I read a chapter from Wendell Berry’s book Life is a Miracle* last week that has set me to thinking about the questions we ask ourselves when endeavoring to live a “successful” life and specifically when we think in terms of personal economics.
Berry’s second chapter, Propriety, is no walk in the park, but with the patience to read and possibly to re-read certain sections, I stumbled into a deeper understanding of an issue I’ve long wondered about and questioned. It is also not directly written toward the idea of personal economy but is much larger in scope taking in technology, innovation and especially, science. From it however, I’ve found new insight and begun to ask new questions.
It seems that modern American ideals of personal economics are driven by two main questions:
- How much do I make? (the goal being to make more and more)
- How much does a service or product cost me? (the goal being to pay as little as possible)
These are the two questions that drive personal economics for most with the goal being to earn more money – preferably a lot more – than is spent. Money can then be saved or spent however one wants which most believe leads to personal happiness.
But this, even as I have acquiesced to it in my own life, has always bothered me. It seems a short-sighted and somewhat selfish way to live that eventually comes back to haunt us all.
We have bought into the whole notion of upward mobility and the American dream without stopping to consider the ramifications. We have lived for the pursuit of individual happiness above all else.
How does this work out in life?
- We drive thirty miles to shop for our groceries where it is “cheaper” rather than getting our groceries from our local grocery store.
- Our farms get bigger and bigger so we can grow more and more and we no longer have any neighbors.
- We order online from the cheapest distributer rather than from a local merchant.
And of course in rural America we are paying a terrible price for our reliance on these two questions, these two bastions of capitalism.
- Our grocery stores are closing down.
- Our schools are closing.
- Our churches are closing.
- Our towns are dying.
Please don’t get me wrong. I am not against capitalism – I think it is perhaps our best system to live within as far as economics go. But capitalism based only on t the two goals of making more money and paying less money will always lead to the breakdown of communities.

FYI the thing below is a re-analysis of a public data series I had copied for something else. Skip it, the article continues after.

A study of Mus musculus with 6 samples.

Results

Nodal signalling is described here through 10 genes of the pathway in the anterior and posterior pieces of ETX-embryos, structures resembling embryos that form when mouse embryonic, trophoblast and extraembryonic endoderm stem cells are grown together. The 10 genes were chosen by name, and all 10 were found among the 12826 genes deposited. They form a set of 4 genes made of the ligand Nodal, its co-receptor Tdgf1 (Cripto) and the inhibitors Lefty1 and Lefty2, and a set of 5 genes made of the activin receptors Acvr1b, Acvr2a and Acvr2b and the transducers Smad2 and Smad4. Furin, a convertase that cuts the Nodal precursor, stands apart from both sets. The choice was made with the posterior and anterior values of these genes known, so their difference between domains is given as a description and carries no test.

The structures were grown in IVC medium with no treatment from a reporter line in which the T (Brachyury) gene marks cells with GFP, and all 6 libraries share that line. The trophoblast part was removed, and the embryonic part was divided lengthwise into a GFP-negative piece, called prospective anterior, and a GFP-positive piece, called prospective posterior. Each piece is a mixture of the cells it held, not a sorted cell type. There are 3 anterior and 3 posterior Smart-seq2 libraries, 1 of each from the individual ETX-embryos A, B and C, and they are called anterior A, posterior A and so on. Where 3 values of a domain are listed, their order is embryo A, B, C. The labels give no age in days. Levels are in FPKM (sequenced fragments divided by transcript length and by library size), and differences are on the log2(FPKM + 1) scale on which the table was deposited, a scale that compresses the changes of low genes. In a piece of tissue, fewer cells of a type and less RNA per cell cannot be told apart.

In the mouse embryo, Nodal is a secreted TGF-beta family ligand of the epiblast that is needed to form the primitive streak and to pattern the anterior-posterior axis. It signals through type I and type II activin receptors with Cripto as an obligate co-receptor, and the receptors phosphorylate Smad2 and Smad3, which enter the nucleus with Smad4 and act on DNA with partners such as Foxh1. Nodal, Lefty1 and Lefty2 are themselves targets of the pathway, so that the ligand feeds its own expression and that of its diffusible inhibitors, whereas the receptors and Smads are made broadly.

And that is why, as Berry asserts, a third question must be added and that is the question of propriety.
Is it proper? Is it appropriate? Is it good for me and for the community?
Without this question guiding us we will always strive for more rather than enough. I may save a few dollars paying online, but what am I loosing?
A few months back I stumbled upon a journal from one of the local farmers around our area in Southeast South Dakota. In it she recorded a bit of each day in that year – 1968.
It snowed a lot that year and so snow removal sets the theme for much of the early months. The drakes were butchered regularly. Preparations were made for planting. Gardens were tended. Doctors were visited. All the normal mundane things that have happened on farms from time immemorial and many of which still happen today were recorded in her journal.
But there was one recurring entry that impacted me more than any other. And it went like this:
- We went to visit the Smith family tonight. Had a wonderful time.
- The James family visited Sunday afternoon.
- Mrs. Frank Thomas came with a pie. We had a nice visit.
I’ve changed the names to protect the innocent but the theme persisted all year long. People were coming to visit and going to visit on a weekly basis.
The idea of community was alive and well.
And it is something that, at least in our rural communities, is being lost.
There are many factors we could blame for this of course and I won’t be so naive as to say that our economic choices are the only cause. But they are part of the cause.
When we begin to ask what is proper, what is appropriate and what is good for the community before we look only to making the most money or getting the cheapest prices, then we will begin to make the choices that will help to sustain our communities.
And that will be good for us as well.
You can find Life is a Miracle at Freeman Public Library like I did, at your local bookstore or at Amazon*.
Read a great review of Life is a Miracle at Against Nothingness.
3 thoughts on “Propriety and Personal Economics”
I finally read this tonight, having book marked it weeks ago after seeing your comment either on the catholic homesteading forum or the catholic land movement blog. I think you are getting at a theme that is becoming more and more popular. Questioning progress for its own sake. Actually just before reading this I read a similar post on the Living the Rustic Life blog, which you should check out if to haven’t. I work with Amish for a living and their approach to technology has some wisdom. Conway to popular misunderstanding they don’t sun all modern technology simply for dogmatic religious reasons. The ones I work with are huge fans of LED head lights for example. They explain their approach to me in two ways. First they ask, “Did or fathers use this, and if not then is there any reason that we need to?” and, “How will this affect our family and community life?” So when I asked them to let me set up a voice mail system where I could leave orders for the products I pick up from them several times a week they decided no because they knew it would lead them to leaving messages for each other rather than riding over to each other’s house to give the message in person.
Thanks so much for stopping back by and for your comment. Such a great insight from the Amish community you work with. I love their two question approach and the way they decided to forgo the voice mail system. I’ll check out Living the Rustic Life too.